Stirling Council: Renewable Energy Strategy
As a Local Authority Stirling Council have responsibility for not only a large number of buildings, but buildings with a range of uses. Managing and maintaining a range of facilities provides funding challenges for all landlords and Stirling Council are no exception. This is even more challenging when Local Authorities in Scotland and across the UK are facing budget cuts.
The Accounts Commission said funding from the Scottish government to Council's fell by 2.3% in real terms in 2017-2018.
In order to address rising energy costs and gain control of their energy production Stirling Council have installed solar panels and biomass boilers at a number of properties including schools and offices. As part of the strategy to further reduce running costs Cogeo were brought in to support the Council in identifying sites suitable for wind turbines.
Approach & solutions
Using years of development and consultancy experience in wind energy developments, the Cogeo team assessed 15 sites considering the main planning and environmental constraints for each location.
Utilising our extensive GIS datasets assessments were made on the potential impacts on planning policy, ecology , landscape & visual, heritage and noise. This was further analysed against operational constraints such as wind speed and grid connection capacity to select the sites with greatest potential.
Our detailed surveys revealed three sites to have the greatest opportunity for turbine development. One of the sites, Polmaise Waste Centre, was considered suitable for two separate developments due to the amount of electricity being consumed onsite as well as the large land holding. The other site identified was Balfron High School which serves as a resource for the wider community as well as an education centre.
Polmaise proved an interesting challenge as planning guidance for the area recommended turbines should be no taller than 20m, whereas our analysis had highlighted that turbines of 25m would be more suited to the energy use at the site.
Our role was to concentrate the assessment on the impact for our specific proposal rather than looking at guidance for the wider area. Sitting in a flat, rural landscape, Polmaise is the exception as an industrial unit within wider farmland. This meant that the buildings and structures of the recycling centre were of a larger scale than those of the general landscape.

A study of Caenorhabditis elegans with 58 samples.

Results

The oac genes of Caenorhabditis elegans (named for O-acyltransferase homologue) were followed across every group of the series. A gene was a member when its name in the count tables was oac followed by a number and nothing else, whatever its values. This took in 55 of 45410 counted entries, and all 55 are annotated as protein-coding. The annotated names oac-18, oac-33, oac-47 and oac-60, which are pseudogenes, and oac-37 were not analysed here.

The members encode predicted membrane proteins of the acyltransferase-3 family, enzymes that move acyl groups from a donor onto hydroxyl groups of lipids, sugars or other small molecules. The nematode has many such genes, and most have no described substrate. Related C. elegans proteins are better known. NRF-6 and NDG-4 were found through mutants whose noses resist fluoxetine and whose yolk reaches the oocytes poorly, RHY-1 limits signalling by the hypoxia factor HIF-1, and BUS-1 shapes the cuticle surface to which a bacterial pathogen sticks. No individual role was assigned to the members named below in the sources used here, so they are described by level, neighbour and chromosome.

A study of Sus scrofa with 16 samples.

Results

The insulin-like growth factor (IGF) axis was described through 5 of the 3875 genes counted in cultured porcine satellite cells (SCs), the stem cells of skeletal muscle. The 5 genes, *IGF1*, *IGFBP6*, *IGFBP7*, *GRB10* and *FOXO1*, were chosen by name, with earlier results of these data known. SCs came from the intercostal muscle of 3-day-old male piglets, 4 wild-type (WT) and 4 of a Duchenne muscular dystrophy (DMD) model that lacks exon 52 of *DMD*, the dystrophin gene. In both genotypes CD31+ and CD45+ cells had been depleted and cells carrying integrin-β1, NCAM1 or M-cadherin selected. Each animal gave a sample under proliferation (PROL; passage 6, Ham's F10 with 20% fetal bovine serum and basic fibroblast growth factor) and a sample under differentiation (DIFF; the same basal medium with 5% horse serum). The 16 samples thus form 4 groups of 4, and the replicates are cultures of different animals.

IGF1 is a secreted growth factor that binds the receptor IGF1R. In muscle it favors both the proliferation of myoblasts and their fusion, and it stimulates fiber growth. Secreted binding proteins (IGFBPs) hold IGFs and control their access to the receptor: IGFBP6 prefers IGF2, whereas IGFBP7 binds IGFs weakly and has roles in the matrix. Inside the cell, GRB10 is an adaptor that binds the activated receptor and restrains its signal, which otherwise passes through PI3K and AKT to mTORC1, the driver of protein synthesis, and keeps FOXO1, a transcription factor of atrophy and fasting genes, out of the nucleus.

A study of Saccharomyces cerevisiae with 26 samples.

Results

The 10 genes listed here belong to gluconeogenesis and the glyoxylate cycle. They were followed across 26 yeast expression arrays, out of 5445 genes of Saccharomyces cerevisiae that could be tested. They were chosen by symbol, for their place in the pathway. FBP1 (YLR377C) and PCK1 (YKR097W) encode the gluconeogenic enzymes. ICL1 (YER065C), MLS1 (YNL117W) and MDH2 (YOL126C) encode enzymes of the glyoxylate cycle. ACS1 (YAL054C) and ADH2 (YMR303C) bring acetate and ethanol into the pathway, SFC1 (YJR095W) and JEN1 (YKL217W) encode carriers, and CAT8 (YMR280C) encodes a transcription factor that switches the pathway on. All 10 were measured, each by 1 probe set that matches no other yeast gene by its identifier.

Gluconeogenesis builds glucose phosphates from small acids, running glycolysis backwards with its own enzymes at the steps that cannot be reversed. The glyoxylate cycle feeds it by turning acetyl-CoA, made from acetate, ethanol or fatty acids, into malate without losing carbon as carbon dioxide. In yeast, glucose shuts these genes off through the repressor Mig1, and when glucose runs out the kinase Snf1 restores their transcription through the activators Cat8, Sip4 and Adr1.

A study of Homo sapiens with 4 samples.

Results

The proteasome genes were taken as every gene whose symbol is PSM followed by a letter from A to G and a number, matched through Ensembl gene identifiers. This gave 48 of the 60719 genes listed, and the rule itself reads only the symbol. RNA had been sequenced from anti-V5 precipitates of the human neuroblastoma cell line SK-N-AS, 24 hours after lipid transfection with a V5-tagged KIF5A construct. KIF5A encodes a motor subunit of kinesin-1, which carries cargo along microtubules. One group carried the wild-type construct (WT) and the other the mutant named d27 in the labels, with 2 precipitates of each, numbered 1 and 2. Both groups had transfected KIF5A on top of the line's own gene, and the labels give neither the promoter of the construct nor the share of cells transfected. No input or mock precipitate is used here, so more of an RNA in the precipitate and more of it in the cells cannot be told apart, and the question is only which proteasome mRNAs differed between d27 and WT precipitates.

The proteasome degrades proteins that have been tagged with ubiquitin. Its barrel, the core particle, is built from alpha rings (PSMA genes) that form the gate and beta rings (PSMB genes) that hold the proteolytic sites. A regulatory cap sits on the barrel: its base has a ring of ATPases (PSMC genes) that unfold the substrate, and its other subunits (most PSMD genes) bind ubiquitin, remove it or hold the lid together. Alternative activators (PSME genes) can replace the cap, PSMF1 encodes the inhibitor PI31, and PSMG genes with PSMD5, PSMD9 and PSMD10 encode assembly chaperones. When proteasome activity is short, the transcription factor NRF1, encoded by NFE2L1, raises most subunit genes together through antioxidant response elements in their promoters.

Taking a proactive approach to engaging the Local Planning Authority, Cogeo's Landscape Team produced a range of visualisations from key receptors, which presented the project as constructed using a number of different turbine models.
The same approach was taken at Balfron High School, where the main constraint was the proximity of the village to the development.
Both sites were taken through a formal pre-application process and EIA Screening Opinion where further analysis was conducted including noise modelling, ecological impact surveys and shadow flicker assessment.
Despite guidance recommending turbine heights of only 20m, Cogeo's Planning Team demonstrated the site specific impacts and negotiated support for the 25m tip height at Polmaise Recycling Centre from the Local Planning Authority.
Further to the success at Polmaise, our extensive pre-application work also gained support for a two turbine development at Balfron High School.
Demonstrating the site specific impacts of a project was key to gaining Local Planning Authority support for these projects. Whilst these aren't the biggest turbines, the high sensitivity of the sites meant that the only way to develop a successful project was with detailed design work; something we advocate for all the projects we are involved in. We believe that if you understand the challenge at the start of a project, you can design the solutions in a way that saves time and money.